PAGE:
How To Make Money In Stocks Part 3: The Illiquidity Premium 2 comments
For a stock that nobody is really interested in, for one reason or another --- even though it does have a certain intrinsic value --- the tendency is for the stock to sink under its own weight below intrinsic value. Firstly, there is unlikely to attract any speculative elements --- hence little overshooting above value; secondly, even institutions tend not to like these stocks because of the fact that they need good daily trading volume so that they can sell without too much market impact should a cash call arise; thirdly, many investors shun these stocks because of opportunity cost of holding; fourthly, many retail investors simply don't know much about these illiquid stocks because brokerages do not provide research on them. Clearly, there is an opportunity for the diligent individual here.
The opportunity arises because the individual's intended appetite is small, which facilitates entry and exit without too much market impact. He avoids initial overvaluation because of limited speculation in the stock. If he is willing to research into these companies, he can find hidden opportunities in a truly inefficient segment of the market. And because he has done research, he can hold with conviction and not be too bothered by persistent thoughts of opportunity costs. This is the essence of reaping the illiquidity premium.
The premium is the difference between the intrinsic value of the stock and its market price which is likely to be substantially lower. If things go well, and the market wakes up to the stock's possibilities due to say, a strong dividend or some new developments as a catalyst, the illiquidity premium is the first to be reaped. Then follows brokerage reports which excite the market and introduce institutional interest and then speculative elements, with PE revaluation on top of optimistic forward earnings projections. One may view the illiquidity premium as the margin of safety for the stock so that even if all the above does not materialise, there is still a buffer between buy-in price and intrinsic value that protects downside to an extent.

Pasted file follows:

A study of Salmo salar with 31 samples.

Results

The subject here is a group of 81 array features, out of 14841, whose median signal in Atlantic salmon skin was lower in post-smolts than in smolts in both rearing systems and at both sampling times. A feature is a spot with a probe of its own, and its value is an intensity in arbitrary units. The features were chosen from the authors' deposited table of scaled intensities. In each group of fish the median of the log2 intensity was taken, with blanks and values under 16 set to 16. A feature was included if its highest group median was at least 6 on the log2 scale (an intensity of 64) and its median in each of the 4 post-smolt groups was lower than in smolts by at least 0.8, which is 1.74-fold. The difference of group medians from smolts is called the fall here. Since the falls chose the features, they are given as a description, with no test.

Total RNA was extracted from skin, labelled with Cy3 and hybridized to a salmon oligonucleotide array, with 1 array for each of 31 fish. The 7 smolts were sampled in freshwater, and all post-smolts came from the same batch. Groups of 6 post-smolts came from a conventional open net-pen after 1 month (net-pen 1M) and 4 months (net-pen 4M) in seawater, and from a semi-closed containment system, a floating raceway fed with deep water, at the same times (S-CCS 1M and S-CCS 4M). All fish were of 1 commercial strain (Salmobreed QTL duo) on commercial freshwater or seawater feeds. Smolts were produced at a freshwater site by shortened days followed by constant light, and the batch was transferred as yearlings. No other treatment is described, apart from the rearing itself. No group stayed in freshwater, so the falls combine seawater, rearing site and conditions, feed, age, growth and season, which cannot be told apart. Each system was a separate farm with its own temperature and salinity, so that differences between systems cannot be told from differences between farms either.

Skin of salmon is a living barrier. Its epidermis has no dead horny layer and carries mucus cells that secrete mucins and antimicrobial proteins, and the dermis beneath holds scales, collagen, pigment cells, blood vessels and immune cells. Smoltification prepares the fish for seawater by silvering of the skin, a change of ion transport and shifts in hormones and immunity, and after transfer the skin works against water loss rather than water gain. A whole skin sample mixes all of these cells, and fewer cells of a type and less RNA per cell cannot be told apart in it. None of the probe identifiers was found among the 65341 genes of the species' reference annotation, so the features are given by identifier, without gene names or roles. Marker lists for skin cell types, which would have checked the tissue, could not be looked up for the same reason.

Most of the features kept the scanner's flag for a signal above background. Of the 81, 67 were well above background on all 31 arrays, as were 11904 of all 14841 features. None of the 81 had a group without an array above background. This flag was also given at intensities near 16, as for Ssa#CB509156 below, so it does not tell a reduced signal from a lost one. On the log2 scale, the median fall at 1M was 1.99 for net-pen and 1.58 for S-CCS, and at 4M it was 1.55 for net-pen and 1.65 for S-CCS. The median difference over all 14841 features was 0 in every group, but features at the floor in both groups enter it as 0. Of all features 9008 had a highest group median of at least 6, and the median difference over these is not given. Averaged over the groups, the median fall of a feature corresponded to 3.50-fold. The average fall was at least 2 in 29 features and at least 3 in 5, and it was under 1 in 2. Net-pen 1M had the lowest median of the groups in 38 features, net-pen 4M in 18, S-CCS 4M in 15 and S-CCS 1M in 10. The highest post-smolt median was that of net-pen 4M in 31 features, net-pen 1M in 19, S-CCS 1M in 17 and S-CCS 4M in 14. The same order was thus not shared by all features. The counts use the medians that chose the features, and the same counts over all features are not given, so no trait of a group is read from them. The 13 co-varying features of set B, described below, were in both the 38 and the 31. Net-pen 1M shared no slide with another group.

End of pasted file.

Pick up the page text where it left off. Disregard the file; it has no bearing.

This is somewhat allied to the time horizon premium earlier mentioned, for one especially needs to have a long investment horizon to reap good rewards off illiquid stocks. It is important to do some in-depth research and to have a sense of value to unearth the correct illiquid stocks to invest in. Personally, I've had good experiences with illiquid stocks (before they became liquid): stocks like Boustead, Easycall (now China Education), Hiap Seng, Heeton, OKP, MTQ. Even when the illiquidity premium does not manifest, the losses are minimal: stocks like Tsit Wing, Bonvests, Pertama, for example. Some of these I will relate in my Investing Journey series another day.
Another situation where this illiquidity might reward boldness: when there is market-wide illiquidity, characterised by low trading volumes and often large bid-ask spreads for many stocks. That, of course, means there is marketwide uncertainty, and the market can be illiquid for an extended period of time as it resolves the uncertainty --- which means again, there is illiquidity premium to be reaped. Another way of seeing this is that the investor is rewarded for supplying much-needed liquidity to the market. Sir John Templeton has a nice saying that he would like to be a philanthropist in the market and always provide other people with what they need in earnest. That is, to be a buyer when others are desperately selling and a seller when others are greedy searching for stocks to buy. There is no better way to describe the illiquidity premium than that.